What is cholesteatoma?
Cholesteatoma is a chronic, purulent inflammation of the middle ear caused by a proliferation of squamous epithelium from the outer auditory canal into the middle ear. As a rule, the eardrum separates the middle ear from the outer auditory canal. In healthy people, the middle ear is lined with mucosal epithelium, and the outer auditory canal is lined with squamous epithelium.
If, for various reasons (e.g., a perforation or rupture of the eardrum), the squamous epithelium gets into the middle ear, it can cause a constant inflammation. This, in turn, can induce long-term bone destruction in the region of the tympanic cavity (middle ear) and the petrous bone. This is also called “chronic suppurative osteitis (otitis media cholesteatomatosa).
Put simply, cholesteatoma is the name given to the abnormal skin growth in the middle ear. This can cause infections in the area. The continuous growth of the cholesteatoma can result in the bones in the middle ear being destroyed leading to hearing loss, dizziness and in rare cases facial muscle paralysis.
The following contains important information about cholesteatoma, its forms, and its associated symptoms. We have also provided an overview of possible treatments for cholesteatoma.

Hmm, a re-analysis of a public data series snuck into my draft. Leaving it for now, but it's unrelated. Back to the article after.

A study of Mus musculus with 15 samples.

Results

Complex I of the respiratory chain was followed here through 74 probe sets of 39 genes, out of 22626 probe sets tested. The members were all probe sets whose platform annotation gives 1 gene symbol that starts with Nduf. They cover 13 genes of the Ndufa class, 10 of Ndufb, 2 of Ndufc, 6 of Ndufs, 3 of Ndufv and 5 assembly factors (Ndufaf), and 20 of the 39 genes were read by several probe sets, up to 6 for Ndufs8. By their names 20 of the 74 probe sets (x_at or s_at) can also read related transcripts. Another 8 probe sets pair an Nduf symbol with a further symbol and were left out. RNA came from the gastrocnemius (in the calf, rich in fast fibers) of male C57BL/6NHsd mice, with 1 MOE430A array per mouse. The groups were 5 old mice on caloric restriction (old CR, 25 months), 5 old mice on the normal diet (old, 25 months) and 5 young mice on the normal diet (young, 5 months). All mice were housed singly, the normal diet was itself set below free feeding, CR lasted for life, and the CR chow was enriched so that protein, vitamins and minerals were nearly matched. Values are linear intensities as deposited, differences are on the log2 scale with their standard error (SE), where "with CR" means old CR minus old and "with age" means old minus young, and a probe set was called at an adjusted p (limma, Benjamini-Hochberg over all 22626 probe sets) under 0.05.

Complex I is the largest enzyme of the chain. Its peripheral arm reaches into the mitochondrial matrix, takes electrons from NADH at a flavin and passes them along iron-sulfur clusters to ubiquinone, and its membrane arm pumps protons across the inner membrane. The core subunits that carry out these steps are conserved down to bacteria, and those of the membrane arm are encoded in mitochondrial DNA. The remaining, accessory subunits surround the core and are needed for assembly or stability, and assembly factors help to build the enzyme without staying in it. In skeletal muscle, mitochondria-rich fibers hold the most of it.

3 types of Cholesteatoma:
1. Congenital cholesteatoma: Primary acquired cholesteatoma or retraction cholesteatoma
This type of cholesteatoma is very rare, and occurs when squamous epithelium residue remains in the middle ear during development of the embryo. The tympanic membrane is intact. This type of cholesteatoma is very rare, and occurs when squamous epithelium residue remains in the middle ear during development of the embryo. The tympanic membrane is intact.
2. Primary acquired cholesteatoma or retraction cholesteatoma
This form of cholesteatoma is due to a ventilation malfunction in the middle ear, often caused by insufficient tube permeability. The tube is a conduit between the middle ear and the nasopharyngeal space. This malfunction leads to low pressure in the middle ear cells, and consequently the tympanic membrane creates a so-called retraction pocket (retraction of the tympanic membrane). This happens mostly in the pars flaccida region of the tympanic membrane, also called Shrapnell’s membrane. The reason for this is that the pars flaccida, unlike the other areas of the tympanic membrane, is very limp. Squamous epithelium accumulates in this retraction pocket, and a cholesteatoma results from it after a few years.
Cholesteatoma and hearing aids
Surgery is the only option to treat the infections and the overall health issues related to Cholesteatoma. However, as mentioned above one of the post-surgery consequence is; mild to moderate hearing loss. This can be dealt with easily by investing in hearing aids. After the surgery you could consult your audiologist or medical specialist and they will be able to advise you on which hearing aids to choose or alternatives.
If you have any other questions, then you can contact our specialist consultants who can provide you some answers.